Sunday, November 18, 2012

The Bergamo Analemma

While in Italy I briefly visited Bergamo and stumbled upon a wonderful projection of the Sun's analemma in the old town. A hole in a metal disk causes a dot of sunlight to be projected on the ground and the path of the Sun throughout the year is recorded by keeping track of the position of the Sun at local noon. The path of the Sun is an analemma. In Bergamo the position of the dot has been permanently engraved in the stone work:


In the photograph you can see the curved line that shows the local noon position of the Sun as projected through a metal disk. At the top of the image you can just make out the metal disk that has the hole used to create the track of the Sun on the ground. The two ends of the analemma represent the summer and winter solstices. The central line is a meridian and the photograph above is facing south. Here's the compass rose at the end of the meridian line:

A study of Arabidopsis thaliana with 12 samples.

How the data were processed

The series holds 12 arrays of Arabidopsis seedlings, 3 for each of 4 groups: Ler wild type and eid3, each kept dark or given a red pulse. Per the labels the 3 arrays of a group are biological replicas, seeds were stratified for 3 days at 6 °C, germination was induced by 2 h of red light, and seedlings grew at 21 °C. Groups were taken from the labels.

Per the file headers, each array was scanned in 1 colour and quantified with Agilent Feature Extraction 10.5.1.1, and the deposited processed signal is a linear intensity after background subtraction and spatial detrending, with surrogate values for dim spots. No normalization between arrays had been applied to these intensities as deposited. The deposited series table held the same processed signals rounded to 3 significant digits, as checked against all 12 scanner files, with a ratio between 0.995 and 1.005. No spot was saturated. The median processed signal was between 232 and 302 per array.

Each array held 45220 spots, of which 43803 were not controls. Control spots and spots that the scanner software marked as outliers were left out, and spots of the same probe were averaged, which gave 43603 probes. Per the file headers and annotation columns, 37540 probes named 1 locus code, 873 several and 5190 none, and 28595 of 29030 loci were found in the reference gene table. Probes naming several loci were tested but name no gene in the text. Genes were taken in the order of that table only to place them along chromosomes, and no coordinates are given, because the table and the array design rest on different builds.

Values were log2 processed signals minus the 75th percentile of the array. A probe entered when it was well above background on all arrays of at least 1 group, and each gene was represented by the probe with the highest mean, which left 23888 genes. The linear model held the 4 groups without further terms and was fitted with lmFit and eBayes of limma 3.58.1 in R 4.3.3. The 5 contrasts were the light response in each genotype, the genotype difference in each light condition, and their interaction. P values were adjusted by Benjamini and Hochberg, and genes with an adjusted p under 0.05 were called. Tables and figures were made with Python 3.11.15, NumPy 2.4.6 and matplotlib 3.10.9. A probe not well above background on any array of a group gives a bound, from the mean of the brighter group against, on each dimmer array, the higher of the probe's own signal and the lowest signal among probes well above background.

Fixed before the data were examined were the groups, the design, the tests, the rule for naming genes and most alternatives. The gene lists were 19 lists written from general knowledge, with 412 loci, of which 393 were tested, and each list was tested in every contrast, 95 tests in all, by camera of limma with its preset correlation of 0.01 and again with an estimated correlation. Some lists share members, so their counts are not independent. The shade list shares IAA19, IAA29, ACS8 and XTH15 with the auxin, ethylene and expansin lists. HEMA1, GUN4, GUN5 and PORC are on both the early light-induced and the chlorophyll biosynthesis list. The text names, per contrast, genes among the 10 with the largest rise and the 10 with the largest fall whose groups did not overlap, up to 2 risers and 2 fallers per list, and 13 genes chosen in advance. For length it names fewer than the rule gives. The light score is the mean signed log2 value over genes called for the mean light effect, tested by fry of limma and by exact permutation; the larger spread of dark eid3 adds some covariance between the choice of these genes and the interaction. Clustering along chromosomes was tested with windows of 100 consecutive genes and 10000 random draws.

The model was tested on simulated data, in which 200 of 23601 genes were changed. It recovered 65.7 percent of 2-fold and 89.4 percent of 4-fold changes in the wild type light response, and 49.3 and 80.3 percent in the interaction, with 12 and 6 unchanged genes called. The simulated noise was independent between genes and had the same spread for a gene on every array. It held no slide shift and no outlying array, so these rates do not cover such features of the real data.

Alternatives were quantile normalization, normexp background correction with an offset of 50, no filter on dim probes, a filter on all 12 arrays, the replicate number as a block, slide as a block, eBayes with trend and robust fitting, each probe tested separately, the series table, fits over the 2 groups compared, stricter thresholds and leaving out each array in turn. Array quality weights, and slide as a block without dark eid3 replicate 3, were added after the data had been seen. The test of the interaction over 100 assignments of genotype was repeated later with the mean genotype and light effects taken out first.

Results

Here's the disk:


And the position of the solstices:



All along the meridian line are the days of the year laid out so that the date can be determined from the angle of the Sun at solar noon.

I didn't manage to get a good shot of the characteristic elongated figure-8 shape of the analemma itself. The ends of the 8 are the solstices. The two outer lines parallel to the meridian show 15 minutes before and after solar noon.

If you enjoyed this blog post, you might enjoy my travel book for people interested in science and technology: The Geek Atlas. Signed copies of The Geek Atlas are available.